Report: Hackers Access Weapons Designs

Thursday, May 30, 2013 @ 06:05 PM gHale

Chinese hackers gained access to the designs of some of the U.S.’s advanced weapons systems, according to some new government reports.

The compromised weapons designs include, among others, advanced Patriot missile system, the Navy’s Aegis ballistic missile defense systems, the F/A-18 fighter jet, the V-22 Osprey, the Black Hawk helicopter and the F-35 Joint Strike Fighter, according to a report prepared for the Defense Department and government and defense industry officials.


The report comes a month before President Obama will meet with visiting Chinese President Xi Jinping in California. It also coincides with reports in the Australian media Chinese hackers stole blueprints for Australian’s new spy headquarters.

A breach of U.S. systems was in a public report issued by the advisory panel in January, but the section of the report listing the compromised weapons system remained classified until Tuesday. The public version had warned the Pentagon remains unprepared to counter a full-scale cyber conflict.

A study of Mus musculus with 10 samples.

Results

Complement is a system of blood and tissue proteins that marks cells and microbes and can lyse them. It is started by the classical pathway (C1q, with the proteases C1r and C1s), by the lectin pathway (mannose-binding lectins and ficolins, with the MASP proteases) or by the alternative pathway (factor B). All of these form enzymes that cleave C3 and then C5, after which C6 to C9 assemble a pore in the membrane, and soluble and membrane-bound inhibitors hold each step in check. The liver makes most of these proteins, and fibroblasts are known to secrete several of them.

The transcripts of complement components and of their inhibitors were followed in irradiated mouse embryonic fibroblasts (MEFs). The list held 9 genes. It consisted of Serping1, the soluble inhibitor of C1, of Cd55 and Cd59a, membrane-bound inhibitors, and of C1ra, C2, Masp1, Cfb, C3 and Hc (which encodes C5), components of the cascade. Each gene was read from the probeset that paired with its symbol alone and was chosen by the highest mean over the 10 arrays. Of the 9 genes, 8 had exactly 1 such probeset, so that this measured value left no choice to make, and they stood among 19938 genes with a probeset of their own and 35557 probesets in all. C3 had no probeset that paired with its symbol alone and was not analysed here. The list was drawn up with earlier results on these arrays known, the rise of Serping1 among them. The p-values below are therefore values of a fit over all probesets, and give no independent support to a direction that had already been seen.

Pentagon Press Secretary George Little said the Pentagon maintains “full confidence” in its weapon platforms.

“The Department of Defense takes the threat of cyber espionage and cyber security very seriously, which is why we have taken a number of steps to increase funding to strengthen our capabilities, harden our networks, and work with the defense industrial base to achieve greater visibility into the threats our industrial partners are facing,” Little said. “Suggestions that cyber intrusions have somehow led to the erosion of our capabilities or technological edge are incorrect.”

The Chinese government said it does not conduct cyber espionage on U.S. agencies or companies, and government spokesmen often complain that Beijing is a target of U.S. cyber attacks, the Post reported.